Halifax’s Quinpool Centre target of graffiti

Frustrations fly after repeated offences

Leah Nicholas points to tags on NSLC
Leah Nicholas, a security and maintenance worker at Quinpool Centre, points to tags on the building. Photo: Thoshlae Smith

A shopping centre on Quinpool Road in Halifax was targeted by graffiti artists over the weekend.

Leah Nicholas, a security and maintenance worker at Quinpool Centre, said 16 graffiti tags were put on the building.

The tags took two hours to clean up, she said.

Nicholas said the building, which houses Atlantic Superstore and an NSLC outlet, is vandalized with graffiti as often as once a week.

“For whatever reason they’re doing it, it’s a pain in the butt,” said Nicholas. “Whatever they’re trying to achieve is not being achieved because if they go out at 3 o’clock in the morning I go out at 7 o’clock and take it down.”

Although the police were not called, Nicholas said building maintenance staff are checking the security cameras.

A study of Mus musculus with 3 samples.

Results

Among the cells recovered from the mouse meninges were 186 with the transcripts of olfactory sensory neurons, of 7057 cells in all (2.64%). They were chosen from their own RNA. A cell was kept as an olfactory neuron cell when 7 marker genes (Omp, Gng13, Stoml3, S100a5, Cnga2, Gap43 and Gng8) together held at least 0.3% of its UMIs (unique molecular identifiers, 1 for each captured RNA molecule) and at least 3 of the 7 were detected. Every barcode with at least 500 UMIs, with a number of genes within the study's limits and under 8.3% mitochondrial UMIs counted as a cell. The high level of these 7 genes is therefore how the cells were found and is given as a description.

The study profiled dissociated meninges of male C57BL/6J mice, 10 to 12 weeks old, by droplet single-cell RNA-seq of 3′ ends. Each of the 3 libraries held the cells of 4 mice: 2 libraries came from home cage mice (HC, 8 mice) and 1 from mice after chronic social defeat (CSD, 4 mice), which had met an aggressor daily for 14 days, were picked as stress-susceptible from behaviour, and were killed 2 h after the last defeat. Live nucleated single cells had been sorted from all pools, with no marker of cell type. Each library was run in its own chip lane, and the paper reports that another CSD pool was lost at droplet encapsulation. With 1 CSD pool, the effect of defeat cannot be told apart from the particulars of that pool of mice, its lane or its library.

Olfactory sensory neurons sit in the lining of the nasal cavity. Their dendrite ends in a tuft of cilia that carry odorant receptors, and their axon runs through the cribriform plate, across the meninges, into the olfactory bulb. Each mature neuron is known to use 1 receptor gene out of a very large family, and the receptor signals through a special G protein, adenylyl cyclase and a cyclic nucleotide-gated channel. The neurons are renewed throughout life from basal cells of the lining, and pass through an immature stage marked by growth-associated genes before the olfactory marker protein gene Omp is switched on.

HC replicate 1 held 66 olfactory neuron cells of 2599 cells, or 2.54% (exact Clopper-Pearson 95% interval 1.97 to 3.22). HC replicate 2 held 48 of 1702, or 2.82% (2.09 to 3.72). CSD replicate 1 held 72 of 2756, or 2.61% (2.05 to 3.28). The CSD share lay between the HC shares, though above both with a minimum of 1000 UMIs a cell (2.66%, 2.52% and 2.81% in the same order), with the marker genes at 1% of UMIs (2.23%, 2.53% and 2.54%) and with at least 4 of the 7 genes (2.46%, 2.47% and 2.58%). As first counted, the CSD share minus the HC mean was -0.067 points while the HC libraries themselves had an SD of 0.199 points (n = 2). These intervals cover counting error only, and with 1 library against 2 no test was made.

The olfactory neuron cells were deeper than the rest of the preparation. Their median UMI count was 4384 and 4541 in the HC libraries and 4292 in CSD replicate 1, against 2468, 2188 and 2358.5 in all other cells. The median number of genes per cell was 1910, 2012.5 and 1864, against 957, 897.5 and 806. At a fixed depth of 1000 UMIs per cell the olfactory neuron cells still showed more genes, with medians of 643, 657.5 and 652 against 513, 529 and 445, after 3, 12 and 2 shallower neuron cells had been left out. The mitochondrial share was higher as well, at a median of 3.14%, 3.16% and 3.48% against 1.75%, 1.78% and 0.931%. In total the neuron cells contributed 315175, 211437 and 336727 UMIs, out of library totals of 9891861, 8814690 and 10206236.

Halifax Regional Police spokesman Const. Pierre Bourdages said that without a formal complaint, it is hard to investigate graffiti incidents.

“It’s upsetting and it reflects poorly on businesses,” said Karla Nicholson, general manager of the Quinpool Road Business Association. Nicholson says the association works with police by reporting graffiti incidents and helping to identify taggers.

The Atlantic Superstore on Quinpool Road was the scene of  a graffiti incident on the weekend. Photo: Thoshlae Smith
The Atlantic Superstore on Quinpool Road was the scene of a graffiti incident on the weekend. Photo: Thoshlae Smith

Nicholson estimates that business owners spend up to $7,000 a year to clean graffiti on Quinpool Road.

The city of Halifax is making an effort to combat graffiti. Last October was the first meeting of TAGS, an anti-graffiti conference including police, business owners and city workers.

The city spends an estimated $400,000 each year cleaning up graffiti, according to the CBC.

The tags from this weekend appeared to be signatures.

Christopher Zinck, building manager of Quinpool Centre, said, “I don’t like to have graffiti on the building because people often tag the same spots. For example, the liquor store was tagged three times.”

Although the NSLC is part of the Quinpool Centre, they clean their own graffiti.

Managers say they are doing everything in their power to clean up the tags quickly because they will discourage future taggers.